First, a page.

Parting words for my creative writing students May 2012

As a poet, I earn my living teaching English at Dawson College Cegep in Montreal. Aside from the core courses I give, I also teach the Literature Profile students in our Creative Arts, Literature, and Language program. Students in such arts programs  have been consistently “dissed” as they might say for a long time, but especially so in reaction to the student strikes underway in Quebec right now (a strike the Dawson student body voted against joining). A particularly mean-spirited dismissal is Margaret Wente’s commentary in the The Globe and Mail, deliciously demolished by Mike Spry  It was in this context that I had to bring this semester’s creative writing workshop to a resolution. These words are as easily applicable to all the literature students I’ve shepherded through Poetics, Literary Criticism, and Creative Writing, and it is to them they are primarily addressed. I make my little speech public here at their urging.  All the reader need know is that the text for our class was Clive Matson’s Let the Crazy Child Write! (New World Library, 1998). What I said went roughly as follows…

We’ve spent this past semester culturing our Negative Capability (the capacity “to live in doubt and uncertainty without an irritable reaching after fact and reason”)—a capacity arts students surely need!—, nurturing and indulging our Crazy Child, what’s creative in each of us, that source of impulse, fantasy, and imagination, a source that’s always at work (or play). Even when the world is too much for us and we retreat into sleep (Freud tells us sleep is an escape from the demands of survival), the Crazy Child is active, dreaming.

The American novelist William Burroughs observed that the Europeans who colonized the Americas conquered the  peoples they found here by stealing their dreams. They stole their languages, told them their dreams—their stories, myths, beliefs—were false, and replaced them with their own. Today there is a group of people out to steal your dreams and aspirations and replace them with their vision, their dream (or nightmare). They’ve been at it since 1980, before you were born, but not before I was born. I can remember a different time.

They’ll tell you that what you are studying, what you are doing is useless, worthless, and the excuse they’ll use to cut you off goes by one word these days, ‘austerity’. But I tell you it’s a lie, a myth, a lie made up by a small group of people to serve their interests at the expense of most other people’s. There’s a group of economists in Missouri who have developed an economic theory that pops the hot air austerity balloon and shows it up for the self-serving lie it is. And here in Quebec, there’s money for million dollar golden handshakes for university presidents at Concordia every few years, and money for tax breaks and electricity rebates for corporations that costs the province money for the jobs they’re supposed to create.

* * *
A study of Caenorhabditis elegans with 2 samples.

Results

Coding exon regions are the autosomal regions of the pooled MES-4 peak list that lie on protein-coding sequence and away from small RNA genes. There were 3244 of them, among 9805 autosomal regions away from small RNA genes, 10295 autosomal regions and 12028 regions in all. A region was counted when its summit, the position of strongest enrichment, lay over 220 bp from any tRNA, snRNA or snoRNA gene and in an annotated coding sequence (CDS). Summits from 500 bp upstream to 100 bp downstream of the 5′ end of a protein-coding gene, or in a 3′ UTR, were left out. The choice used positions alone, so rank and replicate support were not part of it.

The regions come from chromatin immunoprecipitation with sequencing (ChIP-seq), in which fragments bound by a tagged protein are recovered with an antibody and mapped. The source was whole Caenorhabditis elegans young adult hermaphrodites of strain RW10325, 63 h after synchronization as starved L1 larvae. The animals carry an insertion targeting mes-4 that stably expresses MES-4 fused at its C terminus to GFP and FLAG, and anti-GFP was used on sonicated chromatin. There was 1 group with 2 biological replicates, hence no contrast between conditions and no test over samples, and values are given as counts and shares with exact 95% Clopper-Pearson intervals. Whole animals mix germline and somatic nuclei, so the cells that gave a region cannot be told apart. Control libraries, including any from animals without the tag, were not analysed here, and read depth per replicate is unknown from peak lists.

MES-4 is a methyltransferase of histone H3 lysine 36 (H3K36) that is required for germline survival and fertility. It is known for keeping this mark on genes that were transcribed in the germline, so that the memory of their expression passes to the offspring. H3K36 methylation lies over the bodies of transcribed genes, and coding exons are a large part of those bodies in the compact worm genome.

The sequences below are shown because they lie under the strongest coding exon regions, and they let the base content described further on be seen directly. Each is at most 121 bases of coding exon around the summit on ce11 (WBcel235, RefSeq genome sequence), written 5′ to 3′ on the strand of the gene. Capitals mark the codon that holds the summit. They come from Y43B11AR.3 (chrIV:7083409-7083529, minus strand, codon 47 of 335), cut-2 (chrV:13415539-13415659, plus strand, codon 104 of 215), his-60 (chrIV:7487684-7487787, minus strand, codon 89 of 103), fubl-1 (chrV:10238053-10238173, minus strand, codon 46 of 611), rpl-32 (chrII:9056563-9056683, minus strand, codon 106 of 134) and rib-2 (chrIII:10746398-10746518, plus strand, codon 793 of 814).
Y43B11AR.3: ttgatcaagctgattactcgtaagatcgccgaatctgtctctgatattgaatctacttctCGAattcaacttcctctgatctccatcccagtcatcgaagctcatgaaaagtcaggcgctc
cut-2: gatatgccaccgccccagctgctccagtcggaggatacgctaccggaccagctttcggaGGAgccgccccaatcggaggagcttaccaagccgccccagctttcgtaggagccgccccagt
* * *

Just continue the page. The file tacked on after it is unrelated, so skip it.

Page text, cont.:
They tell you you’re useless, that the engineering and business and science students aren’t the ones striking (another lie). But the corporations are finding out that it’s the graduates from the business schools that are useless, because they’ve learned to do only one thing, and now they’re more and more eager to hire an arts student, because you’re flexible, you’ve learned how to learn, you know how to work together, and you can communicate. And most importantly you’re creative and imaginative.

But at an even more practical level:  the great poet William Blake said, “What is real now was once only imagined.”  Everything we see around us here was made by somebody, somebody had to come up with the idea of it, develop that idea and make it real. Because everything human beings make and do ultimately springs from the imagination in this way, William Carlos Williams said, “Only the imagination is real.” And because the imagination is what shows us what’s possible, it’s also the source of human freedom; it gives us the power to see how things might be different.

And most seriously:  the world is heading into a time when it will need—not people good at sitting in cubicles or good at making numbers on computers into bigger numbers—but people with imagination, creative people to face situations and solve problems that no one has ever had to face before.

So when they tell you that what you’re studying is useless, that you’re worthless, tell them that they’re just plain wrong. They’re the ones who don’t know what’s valuable or worthwhile, because they’re the ones without any imagination! You’re the ones with a future, because you can imagine one!